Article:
Hannah Windsor, 17, who was found dead in Bidston, Wirral
A REPORT following the brutal rape and murder of a Merseyside teenager has made more than 100 recommendations for changes to the way children are protected.
But the Serious Case Review into Hannah Windsor stops short of blaming any agency involved in keeping her safe by concluding no-one could have "reasonably foreseen" her death at the hands of her boyfriend.
The 17-year-old had been in almost constant contact with a range of health, special education and social care services for much of her life.
Tragically, the Wirral teenager went missing in May last year and her body was later found buried in a shallow grave on Bidston Hill.
Her boyfriend Adam Lewis, referred to in the report as BfG, confessed to murdering his on-off girlfriend, and the 18-year-old, who also admitted counts of sexual assault, burglary and arson, was jailed for a minimum of 22 years.
A Serious Case Review has now been carried out, involving the local organisations she was in contact with at different stages of her life.
The report, which is anonymised - referring to Hannah as Child G - and is also partly redacted, contains Individual Management Review reports from them, listing 111 separate recommendations for changes to procedures, training and issuing extra guidance to staff.
The recommendations cover Wirral council's children's social care, education services and the Integrated Youth Support Services, along with police, Wirral Metropolitan College, Forum Housing Association, Connexions, Wirral University Teaching Hospital NHS Foundation Trust and other health services.
The report concludes "The extent of Child G’s vulnerabilities was not understood by professionals working with her".
It says: "Over the years, Child G had contact with a large number of agencies and organisations representative of health; education; social care; police; youth offending; and, housing services. However, there was no multi‐agency holistic assessment of her needs."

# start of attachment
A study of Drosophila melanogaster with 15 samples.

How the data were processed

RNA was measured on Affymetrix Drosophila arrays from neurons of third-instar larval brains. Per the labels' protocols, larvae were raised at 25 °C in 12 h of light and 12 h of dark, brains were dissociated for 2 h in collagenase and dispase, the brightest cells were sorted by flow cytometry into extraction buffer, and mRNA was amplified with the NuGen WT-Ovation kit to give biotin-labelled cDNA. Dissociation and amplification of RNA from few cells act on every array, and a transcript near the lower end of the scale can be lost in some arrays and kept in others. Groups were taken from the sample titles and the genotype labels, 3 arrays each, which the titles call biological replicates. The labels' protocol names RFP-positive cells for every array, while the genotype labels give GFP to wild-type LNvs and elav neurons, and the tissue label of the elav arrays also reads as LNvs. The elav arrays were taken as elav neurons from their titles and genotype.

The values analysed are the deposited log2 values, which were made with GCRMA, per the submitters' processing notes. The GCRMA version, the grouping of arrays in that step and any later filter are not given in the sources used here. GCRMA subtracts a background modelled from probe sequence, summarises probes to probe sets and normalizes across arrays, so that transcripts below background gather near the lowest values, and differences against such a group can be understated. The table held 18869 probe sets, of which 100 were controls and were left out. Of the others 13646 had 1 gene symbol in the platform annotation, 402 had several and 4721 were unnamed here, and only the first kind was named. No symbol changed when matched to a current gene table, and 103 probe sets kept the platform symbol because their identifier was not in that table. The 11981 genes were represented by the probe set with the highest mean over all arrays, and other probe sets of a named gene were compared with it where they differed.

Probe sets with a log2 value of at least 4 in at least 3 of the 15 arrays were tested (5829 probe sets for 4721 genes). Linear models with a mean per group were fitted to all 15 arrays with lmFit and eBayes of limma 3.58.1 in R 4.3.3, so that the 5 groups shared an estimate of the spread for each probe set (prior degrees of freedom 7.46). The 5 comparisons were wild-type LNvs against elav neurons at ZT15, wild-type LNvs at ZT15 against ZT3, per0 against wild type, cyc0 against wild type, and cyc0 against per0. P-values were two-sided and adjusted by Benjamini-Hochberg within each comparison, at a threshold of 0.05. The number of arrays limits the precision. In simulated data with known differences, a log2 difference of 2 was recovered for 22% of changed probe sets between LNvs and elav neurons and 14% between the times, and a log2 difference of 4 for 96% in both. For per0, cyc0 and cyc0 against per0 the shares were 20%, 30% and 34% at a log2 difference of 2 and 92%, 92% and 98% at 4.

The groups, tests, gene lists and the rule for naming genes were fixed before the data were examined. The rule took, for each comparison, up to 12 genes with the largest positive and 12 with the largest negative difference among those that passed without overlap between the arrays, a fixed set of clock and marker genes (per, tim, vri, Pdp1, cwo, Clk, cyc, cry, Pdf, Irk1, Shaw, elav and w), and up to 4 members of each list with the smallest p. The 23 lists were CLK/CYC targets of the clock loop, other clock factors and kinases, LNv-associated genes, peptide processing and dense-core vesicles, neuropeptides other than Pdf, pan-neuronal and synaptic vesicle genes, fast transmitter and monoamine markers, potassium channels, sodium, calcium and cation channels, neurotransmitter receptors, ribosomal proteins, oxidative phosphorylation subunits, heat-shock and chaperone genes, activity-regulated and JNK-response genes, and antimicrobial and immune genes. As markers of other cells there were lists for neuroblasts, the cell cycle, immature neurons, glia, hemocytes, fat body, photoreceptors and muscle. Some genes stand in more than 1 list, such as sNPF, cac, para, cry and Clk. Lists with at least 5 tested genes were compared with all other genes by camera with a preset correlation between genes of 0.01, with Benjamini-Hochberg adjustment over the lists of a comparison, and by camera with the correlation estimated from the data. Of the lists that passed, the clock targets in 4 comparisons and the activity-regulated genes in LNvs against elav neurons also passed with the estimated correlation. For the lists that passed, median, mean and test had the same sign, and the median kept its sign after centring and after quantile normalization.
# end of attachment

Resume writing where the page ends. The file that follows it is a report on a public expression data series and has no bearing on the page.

And it adds that "it is evident to this review, that the particular circumstances that led to BfG killing Child G, in the way that he did, could not have reasonably been foreseen by the professionals working with Child G during this period."
Lewis had been sleeping rough in a clearing on Bidston Hill, Wirral after a warrant was issued for his arrest on burglary and arson charges and the report outlines how Hannah, who was helping police find him, had been warned about approaching the killer by a policewoman, but ignored that advice and went to meet him as he slept rough in a tent.
The 83 page report charts Hannah's life through the eyes the of agencies involved with her and her family, including her difficult relationship with her parents and problems at school.
It says the "last confirmed sighting" of Hannah was around 5‐6pm on May 16 2012 "when she was seen on CCTV walking towards the place where she was murdered".
However, the report says it was not until May 18 when Barnardo's contacted the housing project where Hannah was living that it became apparent she had not returned there for two days.
According to the report: "A simple phone call, or a series of phone calls, between FHA (Forum Housing Association) and the police would have led to earlier recognition that Child G was missing and to more speedy efforts to find her. This was a significant omission which has only been partly explained.
"However, it is highly unlikely that earlier recognition that Child G was missing could have prevented her death."
Dennis Charlton, Independent Chair of Wirral Local Safeguarding Children's Board (LSCB), which commissioned the Serious Case Review, said: "I would like, on behalf of all members of the LSCB, to extend our deepest condolences to Child G’s family and anyone who knew her. I know that a number of people who work for agencies associated with Child G’s care knew her personally, and were greatly affected and saddened by her death.
"The Board have accepted the findings and recommendations of the Review which was commissioned by the LSCB following Child G’s death.
"We are already working on a number of areas which have been identified, where assessments, multi agency work and information sharing were not of a sufficient standard to provide a framework for co-ordinated actions and interventions.
"Progress on these recommendations will be monitored and updated regularly by the LSCB, and the results will contribute to child protection practice in Wirral and will be used to inform further action and training."